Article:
Restaurants, Indian Mayfair
4 out of 5 stars
3 out of 5 stars
(3user reviews)
1/4
2/4
3/4
4/4

Time Out says

4 out of 5 stars

A smart Indian restaurant in Mayfair.

Revamped in autumn 2018, this, the original Tamarind, has a classic, timeless feel, with a hint of something aquatic (think spearmint pastel tiles offsetting cream leather banquettes). But for a Michelin-starred Mayfair Indian it’s surprisingly buzzy, too, thanks, in part, to not one but two open kitchens (one for bread being kneaded and meat being skewered, then slung in the tandoor; the other for everything else). We’ll overlook the ’90s R&B.

The food is stunning. For comfort, go for lentils spiked with the crunch of fragrant mustard seeds (£8), fiery stir-fried okra (£8) or a plate of rich goat chop curry (£24). But for something more memorable, try the papaya, mango and cucumber salad (£12). An Indian twist on a som tam, it was a tangle of crunchy young fruit, red chilli, crushed peanuts and coriander. Now stop. And save space (you’ll need it), for the baked coconut rice. Creamy, with hints of spice and the occasional surprise of candied cashew, it came topped with curls of young coconut and a fruity guava sorbet. Subtle and sublime.

One thing though. The subterranean setting means it’s not your best bet for a sunshine lunch: go in winter, or after dark.

By: Tania Ballantine

Posted:

Details

Address: 20 Queen Street
London
W1J 5PR
Transport: Tube: Green Park tube
Price: Dinner for two with drinks and service: around £150.
Contact:

3 out of 5 stars

Average User Rating

4 / 5

Rating Breakdown

  • 5 star:0
  • 4 star:2
  • 3 star:0
  • 2 star:0
  • 1 star:0
LiveReviews|3
1 person listening

Tamarind Kitchen, an offshoot Indian restaurant of the Tamarind’s One Michelin star in Mayfair, is a more casual dining experience located on Wardour Street in Soho.

My companion and I arrived on a Tuesday evening without any booking. The place was very busy with many business type clients.

The room, which had a rather confused décor theme of both contemporary and ‘fancy,’ was so poorly lit that we had to use a torch to read the menu.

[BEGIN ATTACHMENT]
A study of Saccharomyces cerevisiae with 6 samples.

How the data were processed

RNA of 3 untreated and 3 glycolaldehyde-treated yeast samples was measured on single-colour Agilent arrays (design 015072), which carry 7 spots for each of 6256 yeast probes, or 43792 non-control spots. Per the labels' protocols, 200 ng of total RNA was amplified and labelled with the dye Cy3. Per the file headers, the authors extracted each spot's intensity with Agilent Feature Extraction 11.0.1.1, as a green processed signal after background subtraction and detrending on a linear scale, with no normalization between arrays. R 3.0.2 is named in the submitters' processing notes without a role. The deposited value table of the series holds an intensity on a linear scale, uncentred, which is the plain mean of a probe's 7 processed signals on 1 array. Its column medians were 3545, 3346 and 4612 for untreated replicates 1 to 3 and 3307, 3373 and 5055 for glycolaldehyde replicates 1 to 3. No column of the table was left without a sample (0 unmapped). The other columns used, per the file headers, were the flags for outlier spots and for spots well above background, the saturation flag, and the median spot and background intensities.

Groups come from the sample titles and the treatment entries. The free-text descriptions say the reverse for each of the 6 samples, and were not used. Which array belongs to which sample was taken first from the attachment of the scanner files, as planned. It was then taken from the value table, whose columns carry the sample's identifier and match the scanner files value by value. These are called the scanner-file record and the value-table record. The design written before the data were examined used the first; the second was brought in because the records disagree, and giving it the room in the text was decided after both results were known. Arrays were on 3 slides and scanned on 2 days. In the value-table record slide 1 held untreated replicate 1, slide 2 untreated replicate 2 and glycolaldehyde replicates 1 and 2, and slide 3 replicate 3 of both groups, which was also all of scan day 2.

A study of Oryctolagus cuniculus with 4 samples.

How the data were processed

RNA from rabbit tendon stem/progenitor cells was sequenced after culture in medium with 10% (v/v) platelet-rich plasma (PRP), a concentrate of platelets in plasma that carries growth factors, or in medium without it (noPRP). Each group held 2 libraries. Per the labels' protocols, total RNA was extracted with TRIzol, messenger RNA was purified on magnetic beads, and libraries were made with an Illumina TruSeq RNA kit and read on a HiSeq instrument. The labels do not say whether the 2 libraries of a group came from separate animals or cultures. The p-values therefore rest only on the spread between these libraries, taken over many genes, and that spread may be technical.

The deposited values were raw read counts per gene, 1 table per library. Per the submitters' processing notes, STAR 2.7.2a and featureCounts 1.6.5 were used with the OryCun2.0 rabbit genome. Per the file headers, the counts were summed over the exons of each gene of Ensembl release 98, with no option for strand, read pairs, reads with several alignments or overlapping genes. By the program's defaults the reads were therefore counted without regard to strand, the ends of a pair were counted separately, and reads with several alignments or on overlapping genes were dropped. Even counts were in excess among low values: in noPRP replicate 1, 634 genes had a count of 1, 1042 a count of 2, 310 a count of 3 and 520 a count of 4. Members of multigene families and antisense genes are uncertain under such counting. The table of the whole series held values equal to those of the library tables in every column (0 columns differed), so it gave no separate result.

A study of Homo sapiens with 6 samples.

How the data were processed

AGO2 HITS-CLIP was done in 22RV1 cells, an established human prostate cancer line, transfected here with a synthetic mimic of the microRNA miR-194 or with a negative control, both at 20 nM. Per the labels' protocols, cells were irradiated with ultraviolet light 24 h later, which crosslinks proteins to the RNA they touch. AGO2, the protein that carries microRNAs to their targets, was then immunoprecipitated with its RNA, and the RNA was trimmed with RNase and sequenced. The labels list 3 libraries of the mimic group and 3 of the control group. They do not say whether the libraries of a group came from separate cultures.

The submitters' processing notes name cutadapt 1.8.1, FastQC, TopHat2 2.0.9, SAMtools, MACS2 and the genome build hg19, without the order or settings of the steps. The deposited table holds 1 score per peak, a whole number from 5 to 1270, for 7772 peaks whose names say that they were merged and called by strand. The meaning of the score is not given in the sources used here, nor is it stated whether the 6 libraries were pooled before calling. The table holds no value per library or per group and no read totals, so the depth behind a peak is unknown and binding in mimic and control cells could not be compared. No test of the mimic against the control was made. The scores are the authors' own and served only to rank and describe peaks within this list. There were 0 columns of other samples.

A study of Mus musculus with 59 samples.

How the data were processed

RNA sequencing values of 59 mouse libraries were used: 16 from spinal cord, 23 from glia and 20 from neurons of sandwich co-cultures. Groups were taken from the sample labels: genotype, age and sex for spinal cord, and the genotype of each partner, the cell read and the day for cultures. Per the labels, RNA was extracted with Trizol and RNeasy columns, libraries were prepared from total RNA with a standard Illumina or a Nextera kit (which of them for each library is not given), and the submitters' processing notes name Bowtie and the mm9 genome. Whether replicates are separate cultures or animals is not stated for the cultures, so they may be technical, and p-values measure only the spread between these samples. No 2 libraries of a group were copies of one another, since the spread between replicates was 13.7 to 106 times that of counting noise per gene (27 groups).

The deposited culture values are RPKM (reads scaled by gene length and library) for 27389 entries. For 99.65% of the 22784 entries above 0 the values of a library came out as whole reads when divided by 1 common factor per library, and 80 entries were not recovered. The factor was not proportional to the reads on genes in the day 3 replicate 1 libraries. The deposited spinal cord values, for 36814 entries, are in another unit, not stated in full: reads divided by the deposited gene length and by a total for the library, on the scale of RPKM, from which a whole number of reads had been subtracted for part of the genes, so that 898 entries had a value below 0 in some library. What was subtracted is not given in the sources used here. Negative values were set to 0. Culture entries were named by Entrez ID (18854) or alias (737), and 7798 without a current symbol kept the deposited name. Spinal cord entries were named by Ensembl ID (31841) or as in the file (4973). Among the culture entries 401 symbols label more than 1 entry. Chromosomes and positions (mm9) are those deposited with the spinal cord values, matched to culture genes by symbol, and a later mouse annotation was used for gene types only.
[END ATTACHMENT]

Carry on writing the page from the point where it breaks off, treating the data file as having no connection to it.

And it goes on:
For starters, we ordered the Aloo Tikki Chaat. The potato cakes and chickpeas were coated with a sweet yoghurt sauce. This was probably the best dish we ate. The Pudina Chops which were chargrilled spiced lamb cutlets with fresh mint were flavoursome but not as tender as I would have liked them to be.

For mains, we ordered the Dal Makhani. The black lentils were creamy but rather disappointing, as they didn’t quite have the right seasoning.

The Dum Goshti Biryani arrived covered in pastry and looked very authentic. Sadly I felt the quality of the pastry didn’t add any extra dimension to the rice and the pieces of lamb were verging on chewy.This was accompanied by a cooling yoghurt side dish of Raita and a traditional gravy of theirs called Mirchi ka Salan.

For an ALOO Tikki Chaat at £7.00, Pudina Chops at £12, Dal Makhani at £7.50 and Biryani at £16, prices are not cheap and the food is very mediocre. Having enjoyed eating in Tamarind of Mayfair is what steered me here in the first place. Unfortunately, it doesn’t quite come anywhere near as good as it’s other branch.

Tastemaker

We were led downstairs to a spacious dining room and seated straight away.

The place is very popular so i do recommend a reservation.
They offer a pre theater menu with lots of tasty dishes £35 ph or an a la carte menu.
We chose the Kabab selection and this was substantial and VERY tasty. A huge tiger prawn, chicken, monk fish and lamb chop. 
For our main we selected an array of dishes so we could sample  everything. They have a good cocktail selection and were more than happy to make a cocktail for me that was not on their list. The staff were very friendly and attentive.
I will defintely be back and they do have a monthly competition where you can win a meal for 2 if you place your business card in the bowl.
Tastemaker

This is a Michelin star restaurant with a host of awards including reaching the top ten in the ‘Best in Britain Award’ every year since its inauguration in 1995. Now that’s saying something. The main dining area is located in the windowless basement of the building and the room relies on sparse atmospheric lighting to light up the white, brown and bronze walls. This creates a very intimate and calm atmosphere which suits an evening meal, but I can image the setting being a tiny bit oppressive for dining in on a bring sunny day. 

Despite the decor, this is an Indian restaurant that I would recommend to all for its food.